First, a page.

At last year's Massachusetts Municipal Association convention, Harwich received the Kenneth E. Pickard Municipal Innovation Award for its pet cemetery project. But what seemed like a good idea has escalated into a fiasco. The cemetery commission improperly used funds from its revolving account for site work at the 2.25-acre town-owned parcel on Queen Anne Road, including construction of a gazebo. That $70,000 was for maintenance of existing cemeteries, not the creation of a burial ground devoted solely to pets.
At next week's annual town meeting, voters will be asked to appropriate $131,000 to complete the burial ground and reimburse the general fund for money already spent on the pet cemetery, and to establish a revolving fund for revenue from burials, from which the funds are to come. A petition article seeks to scrap the whole idea and return the land to the jurisdiction of the board of selectmen.
According to Cemetery Administrator Robbin Kelley, more than 200 names are on a list waiting to have cremated pets buried in the cemetery. Even with such a substantial waiting list, we question whether the burial ground will continue to generate the money necessary to not only maintain it but cover its initial costs. Given that uncertainty and the initial improper use of the cemetery revolving fund, we urge voters to cut their losses and approve the petition article to return the land to the board of selectmen.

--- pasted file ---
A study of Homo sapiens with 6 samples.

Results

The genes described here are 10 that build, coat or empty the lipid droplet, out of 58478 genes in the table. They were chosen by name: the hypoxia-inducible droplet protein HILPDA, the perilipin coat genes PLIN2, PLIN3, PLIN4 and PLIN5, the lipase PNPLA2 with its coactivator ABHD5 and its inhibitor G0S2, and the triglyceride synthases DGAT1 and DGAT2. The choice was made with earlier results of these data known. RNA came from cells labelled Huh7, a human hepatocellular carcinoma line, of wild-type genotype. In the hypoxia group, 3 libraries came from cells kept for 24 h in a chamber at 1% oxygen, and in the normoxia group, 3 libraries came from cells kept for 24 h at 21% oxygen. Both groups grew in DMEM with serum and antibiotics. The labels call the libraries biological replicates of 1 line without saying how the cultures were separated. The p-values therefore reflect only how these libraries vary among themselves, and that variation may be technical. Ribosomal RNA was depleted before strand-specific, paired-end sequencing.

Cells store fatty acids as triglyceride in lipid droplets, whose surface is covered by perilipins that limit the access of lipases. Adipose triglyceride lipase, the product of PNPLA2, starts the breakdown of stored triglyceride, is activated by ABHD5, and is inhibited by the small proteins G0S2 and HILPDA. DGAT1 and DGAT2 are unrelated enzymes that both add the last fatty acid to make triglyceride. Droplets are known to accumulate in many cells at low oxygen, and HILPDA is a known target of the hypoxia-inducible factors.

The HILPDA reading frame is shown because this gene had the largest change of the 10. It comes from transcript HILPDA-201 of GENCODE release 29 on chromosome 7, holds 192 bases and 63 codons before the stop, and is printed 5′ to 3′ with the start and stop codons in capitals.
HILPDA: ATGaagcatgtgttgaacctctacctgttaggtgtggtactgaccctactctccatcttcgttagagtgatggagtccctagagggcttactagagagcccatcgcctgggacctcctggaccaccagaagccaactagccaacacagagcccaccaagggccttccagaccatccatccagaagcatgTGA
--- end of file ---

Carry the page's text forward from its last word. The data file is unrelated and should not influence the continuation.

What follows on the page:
People love their pets. So much so that many want a nice, stable place to lay them to rest rather than the traditional backyard, a location that can be lost when a home is sold. But this isn't a job for municipal government. Voters last year rejected $577,950 for an animal crematorium as part of the pet cemetery project, an indication that a majority was not fully behind the project. Some have urged sale of the land, seeing it as a valuable commodity in the limited industrial zone. That's a decision for selectmen, based on markets and other information. It's clear that the prospect of a pet cemetery has lost some of its shine since town meeting approved use of the site in 2016. Last year's MMA award may seem to laud a novel idea, but government officials—that's who makes up the organization—love to lavish praise on themselves for things that are shiny and new, with little thought about their practicality. It's time to lay the pet burial ground to rest once and for all.